EEOC Issues Updated Guidance Regarding COVID-19 Vaccination Incentives


Notably, the updated EEOC guidance provides the following: 

  • Confirmation that employers may offer an incentive to employees to voluntarily provide documentation or other confirmation that they received a COVID-19 vaccination on their own from a pharmacy, public health department or other health care provider in the community, so long as vaccination information is kept confidential pursuant to the Americans with Disabilities Act (ADA). 
  • Guidance that, under the ADA, employers may offer employees incentives to voluntarily receive a COVID-19 vaccination administered by the employer or its agent, so long as the incentive is not so substantial as to be coercive. This appears to be a shift from the EEOC’s previous statement contained in proposed regulations that under the ADA, employers may offer no more than a de minimis incentive. Importantly, the EEOC did confirm that this ADA incentive limit is inapplicable if an employer offers an incentive to employees to voluntarily provide documentation or other confirmation that they received a COVID-19 vaccination on their own from a third-party provider that is not their employer or an agent of their employer.
  • Guidance that it is not an unlawful request for genetic information under the Genetic Information Nondiscrimination Act (GINA) if employers ask an employee to provide documentation that the employee or a family member has been vaccinated by their own health care provider in the community. Furthermore, under GINA, an employer may offer an incentive to employees in exchange for the employee getting vaccinated by the employer or its agent so long as the employer does not acquire genetic information while administering the vaccine.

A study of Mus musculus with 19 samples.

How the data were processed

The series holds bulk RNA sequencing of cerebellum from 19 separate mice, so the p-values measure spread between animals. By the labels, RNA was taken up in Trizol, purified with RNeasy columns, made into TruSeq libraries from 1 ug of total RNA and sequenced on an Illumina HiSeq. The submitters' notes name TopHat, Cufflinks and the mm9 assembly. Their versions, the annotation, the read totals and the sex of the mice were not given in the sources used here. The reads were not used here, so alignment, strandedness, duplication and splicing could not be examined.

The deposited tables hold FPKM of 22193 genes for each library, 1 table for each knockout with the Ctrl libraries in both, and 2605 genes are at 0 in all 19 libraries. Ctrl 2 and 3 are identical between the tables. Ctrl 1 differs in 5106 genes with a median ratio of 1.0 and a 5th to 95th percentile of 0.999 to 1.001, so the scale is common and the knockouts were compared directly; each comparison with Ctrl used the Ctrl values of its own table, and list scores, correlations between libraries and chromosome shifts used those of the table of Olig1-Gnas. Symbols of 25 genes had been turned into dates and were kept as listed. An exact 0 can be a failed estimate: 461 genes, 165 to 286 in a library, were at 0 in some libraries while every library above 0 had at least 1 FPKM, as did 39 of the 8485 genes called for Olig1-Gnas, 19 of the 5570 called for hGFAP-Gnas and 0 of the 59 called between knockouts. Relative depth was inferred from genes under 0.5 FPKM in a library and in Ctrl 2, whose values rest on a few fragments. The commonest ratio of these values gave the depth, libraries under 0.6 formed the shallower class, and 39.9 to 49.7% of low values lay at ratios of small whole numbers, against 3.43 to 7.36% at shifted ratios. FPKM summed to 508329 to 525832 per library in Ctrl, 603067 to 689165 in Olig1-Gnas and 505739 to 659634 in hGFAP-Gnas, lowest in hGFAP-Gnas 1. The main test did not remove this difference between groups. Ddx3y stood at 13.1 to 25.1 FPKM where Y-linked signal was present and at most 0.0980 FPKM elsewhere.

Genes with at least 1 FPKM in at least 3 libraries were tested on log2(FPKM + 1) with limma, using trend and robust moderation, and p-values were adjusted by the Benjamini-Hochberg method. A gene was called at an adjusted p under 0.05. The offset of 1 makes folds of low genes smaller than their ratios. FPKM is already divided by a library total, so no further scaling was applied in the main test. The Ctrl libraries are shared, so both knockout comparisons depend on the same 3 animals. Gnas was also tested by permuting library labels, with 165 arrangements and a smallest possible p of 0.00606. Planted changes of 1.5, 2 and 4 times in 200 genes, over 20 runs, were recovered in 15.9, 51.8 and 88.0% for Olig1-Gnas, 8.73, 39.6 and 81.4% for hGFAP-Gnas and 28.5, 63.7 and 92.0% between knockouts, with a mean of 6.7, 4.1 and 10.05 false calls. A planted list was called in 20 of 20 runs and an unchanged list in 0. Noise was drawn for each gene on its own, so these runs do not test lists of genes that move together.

• Guidance that, so long as certain steps are taken to comply with GINA, employers may offer an employee’s family member the opportunity to be vaccinated without offering the employee an incentive. However, an employer may not offer any incentives to an employee in exchange for a family member’s receipt of a vaccination from an employer or its agent.

The updated EEOC guidance does not discuss the Health Insurance Portability and Accountability Act’s (HIPAA) nondiscrimination requirements that are likely applicable to employer-offered COVID-19 vaccine incentive programs. As described in more detail in our previous information memo, the HIPAA nondiscrimination rules impose incentive limitations (in addition to the ADA incentive limitations described above), and other requirements on such programs.

Employers considering offering vaccination incentives should review the updated guidance and other applicable legal requirements to ensure that their incentive arrangement is compliant. 

DISCLAIMER: Because of the generality of this update, the information provided herein may not be applicable in all situations and should not be acted upon without specific legal advice based on particular situations.